Leading scientists and clinicians at the Akershus University Hospital (Norway) have identified mitochondrial DNA (mtDNA) variants to predict metastatic progression of rectal cancer. High rates of systemic failure after curative-intent therapy in locally advanced rectal cancer (LARC) call for new diagnostic tools to improve risk-based treatment stratification. The actual mtDNA variants were single-base alterations and might thus be analyzed by PCR and developed as a feasible assay for metastatic risk assessment in colorectal cancer.
The scientist discovered that blood mtDNA polymorphisms correlate with the immune system’s control of organ metastasis and thus can be used as diagnostic marker. 41 LARC patients given radiation and surgery had DNA extracted from whole blood sampled at the time of diagnosis, and any metastases were recorded over 24-60 months of follow-up. For each patient, two MT-RNR2 sites were homoplasmic for either the normal or a deletion (3105AC > A, 3106CN > C) variant, categorizing the patients into two groups that comprised the same cases for both mtDNA sites.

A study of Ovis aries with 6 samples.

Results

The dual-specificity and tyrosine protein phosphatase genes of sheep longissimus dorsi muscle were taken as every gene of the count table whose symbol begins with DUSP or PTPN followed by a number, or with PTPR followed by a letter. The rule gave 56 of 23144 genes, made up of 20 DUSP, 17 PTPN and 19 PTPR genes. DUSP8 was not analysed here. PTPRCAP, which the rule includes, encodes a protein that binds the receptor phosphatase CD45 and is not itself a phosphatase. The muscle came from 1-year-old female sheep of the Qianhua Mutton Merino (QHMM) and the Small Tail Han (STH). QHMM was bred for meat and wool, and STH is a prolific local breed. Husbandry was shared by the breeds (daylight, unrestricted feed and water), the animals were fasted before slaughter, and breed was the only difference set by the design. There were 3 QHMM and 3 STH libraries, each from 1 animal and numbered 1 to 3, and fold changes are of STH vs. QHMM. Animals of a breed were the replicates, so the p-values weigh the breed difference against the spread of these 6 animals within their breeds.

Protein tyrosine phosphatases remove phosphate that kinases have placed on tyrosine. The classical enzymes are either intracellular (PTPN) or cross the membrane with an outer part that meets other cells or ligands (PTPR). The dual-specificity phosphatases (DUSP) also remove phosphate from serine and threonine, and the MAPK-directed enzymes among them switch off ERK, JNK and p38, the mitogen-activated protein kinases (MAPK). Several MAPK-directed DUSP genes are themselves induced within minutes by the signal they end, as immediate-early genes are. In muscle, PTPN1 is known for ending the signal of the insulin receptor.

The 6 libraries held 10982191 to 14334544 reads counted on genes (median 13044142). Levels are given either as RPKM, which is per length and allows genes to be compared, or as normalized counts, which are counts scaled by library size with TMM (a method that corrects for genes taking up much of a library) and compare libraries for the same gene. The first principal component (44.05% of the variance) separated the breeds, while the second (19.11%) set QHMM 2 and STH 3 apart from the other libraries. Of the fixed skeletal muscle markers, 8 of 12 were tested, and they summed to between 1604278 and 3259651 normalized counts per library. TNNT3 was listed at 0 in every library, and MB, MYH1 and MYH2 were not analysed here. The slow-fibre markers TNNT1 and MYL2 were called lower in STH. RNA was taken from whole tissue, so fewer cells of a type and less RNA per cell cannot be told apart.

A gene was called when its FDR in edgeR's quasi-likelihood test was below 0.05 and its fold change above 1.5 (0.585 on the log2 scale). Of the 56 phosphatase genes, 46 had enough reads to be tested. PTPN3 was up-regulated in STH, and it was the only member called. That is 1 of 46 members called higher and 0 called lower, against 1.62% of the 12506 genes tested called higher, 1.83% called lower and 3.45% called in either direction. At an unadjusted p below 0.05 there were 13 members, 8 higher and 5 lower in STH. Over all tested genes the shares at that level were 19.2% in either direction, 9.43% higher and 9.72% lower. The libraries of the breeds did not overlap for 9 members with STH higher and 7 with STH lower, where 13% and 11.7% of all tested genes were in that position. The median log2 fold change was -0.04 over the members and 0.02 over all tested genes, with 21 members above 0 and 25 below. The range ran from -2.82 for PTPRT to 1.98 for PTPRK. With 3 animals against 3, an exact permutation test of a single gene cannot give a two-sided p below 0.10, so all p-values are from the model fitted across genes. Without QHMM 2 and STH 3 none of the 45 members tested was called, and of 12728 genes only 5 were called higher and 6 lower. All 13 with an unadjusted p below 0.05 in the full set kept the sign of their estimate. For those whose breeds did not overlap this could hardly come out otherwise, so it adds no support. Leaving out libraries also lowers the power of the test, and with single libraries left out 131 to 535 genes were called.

Figure 1. Polymorphism of the 3105 site of whole blood mtDNA in 44 high-risk rectal cancer patients. Cases had either the wild-type site (heteroplasmy of 0) or a highly heteroplasmic variant (3105AC>A). Open circles; cases without progression. Closed circles; cases with metastatic progression. The single metastatic case in the high heteroplasmy group appeared in a patient who had declined primary tumor surgery (i.e., refused the full curative-intent therapy).
A provisional patent application protecting the specified tests has been filed. Development plans Validation of the biomarkers in a different cohort is ongoing.
Inven2 AS seeks partners for co-development and/or out-licensing of the technology. We are interested to get in touch with relevant diagnostic companies and to discuss the potential of the technology in different screening programs.